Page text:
Travels Without a Donkey

Early next evening, after a morning of poling and an afternoon of bush-whacking, we pulled into the town called Dead River Post Office.

It was just that–a post office. Half a mile or so down the road was a farm. Two miles the other way, another farm. That was the town.

We walked into the post office, and it seemed that the floor gave way giddily beneath our hobnailed boots. We slid a little, and regained balance. We wondered if being in the woods so long had somehow unfitted us for floors; then we saw that this floor sloped decidedly nor’-nor’-east.

The postmaster, having seen us go in, had come from his house next door and was busy unlocking the office. He fumbled with his keys, seemed unused to them. The office was festooned with cobwebs.

“You folks been hikin’, I s’pose?”

We told him we had come down from Katahdin.

“My, that be some ways, that be,” the old fellow commented, nodding his head.

“We’ve a great liking for the woods and hills,” we confided.

A smile brightened his wrinkled face. “Wal, I’ve a likin’ for ’em meself,” he told us. “You know, one time I lived way down south in Floridy. Ever been to Floridy, you folks? Wal, there ain’t a mountain in sight bigger ‘n an ant-heap. Many’s the time I’ve waked up in the mornin’ wishin’ I could look into the side of a mountain. There’s somethin’ about mountains–and the big trees. I been loggin’ hereabouts most o’ my life.”

“You know Jim Kennedy at The Forks, don’t you?” we asked. “If you’re Sam Parsons, he wanted to be remembered to you.”

“Sam Parsons I be. Let’s see, now…. Jim Kennedy… sure, I remember! I used to log with Jim and all the rest o’ them boys, years back. Sure!”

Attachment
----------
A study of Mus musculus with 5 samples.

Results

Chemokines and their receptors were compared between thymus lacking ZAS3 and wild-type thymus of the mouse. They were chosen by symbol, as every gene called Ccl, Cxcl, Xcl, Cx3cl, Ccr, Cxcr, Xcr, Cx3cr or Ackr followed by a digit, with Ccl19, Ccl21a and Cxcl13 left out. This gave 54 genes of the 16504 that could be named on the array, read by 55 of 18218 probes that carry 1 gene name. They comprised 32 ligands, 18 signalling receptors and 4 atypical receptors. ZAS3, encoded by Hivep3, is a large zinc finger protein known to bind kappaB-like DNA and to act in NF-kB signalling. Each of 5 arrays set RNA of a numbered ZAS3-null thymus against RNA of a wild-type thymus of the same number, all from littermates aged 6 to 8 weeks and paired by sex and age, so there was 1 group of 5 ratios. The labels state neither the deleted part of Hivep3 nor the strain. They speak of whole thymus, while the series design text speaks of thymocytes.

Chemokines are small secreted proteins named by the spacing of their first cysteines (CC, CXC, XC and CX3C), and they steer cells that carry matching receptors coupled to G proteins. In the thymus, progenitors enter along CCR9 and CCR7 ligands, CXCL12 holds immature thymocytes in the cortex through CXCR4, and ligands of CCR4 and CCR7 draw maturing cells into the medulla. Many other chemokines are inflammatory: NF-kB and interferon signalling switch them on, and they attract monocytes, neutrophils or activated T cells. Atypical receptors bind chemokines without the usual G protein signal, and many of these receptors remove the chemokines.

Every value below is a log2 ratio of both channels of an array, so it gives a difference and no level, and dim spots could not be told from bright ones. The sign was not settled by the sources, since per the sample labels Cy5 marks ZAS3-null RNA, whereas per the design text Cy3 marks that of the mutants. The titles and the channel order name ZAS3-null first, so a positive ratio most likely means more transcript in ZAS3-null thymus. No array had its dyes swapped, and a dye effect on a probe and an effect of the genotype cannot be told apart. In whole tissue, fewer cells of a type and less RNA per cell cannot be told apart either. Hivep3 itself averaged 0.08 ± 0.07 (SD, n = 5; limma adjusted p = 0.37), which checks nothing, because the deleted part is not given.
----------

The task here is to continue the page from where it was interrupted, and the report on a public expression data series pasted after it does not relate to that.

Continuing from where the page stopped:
We said we’d like a couple of stamps–added apologetically that we hated to bother him, but we’d been in the woods a pretty long time now, and had some letters to get off. He nodded, and seemed to sympathize, but the whole problem evidently baffled him. He bent down out of sight behind the window of his little cage. We waited. We heard papers rattling; we ventured to look in. Sam Parsons was in the midst of a dusty wreckage of folders, cards, slips of different colors–all the post office paraphernalia in chaotic disorder.

“Wonder where I could have put them blessed things!” He unlocked drawers, peered into dim corners.

We were worried now–afraid we were imposing on him, asking altogether too much. “Oh, never mind,” we said hastily. He reappeared from the depths.

“Sorry, folks, I can’t think… guess I must be all sold out o’ stamps.”

We asked him if there was any chance of buying a little food somewhere hereabouts. He stood considering.

“Well, I guess my wife would sell you a few things–nothing fancy, you know.”

“Oh, all we want is a little corn meal and some sugar,” we assured him.

We bought these from a smiling, rosy-cheeked woman who consulted us conscientiously as to what we thought a pound of sugar ought to cost.

In the end we pitched our tent in Sam Parsons’ apple orchard, and for supper brewed our largest pot full of apple-sauce. The next day we did the same. We could not bring ourselves to leave while there were still so many apples lying on the ground; so we rested our weary muscles, and mended our weary clothes, and ate apple-sauce all day.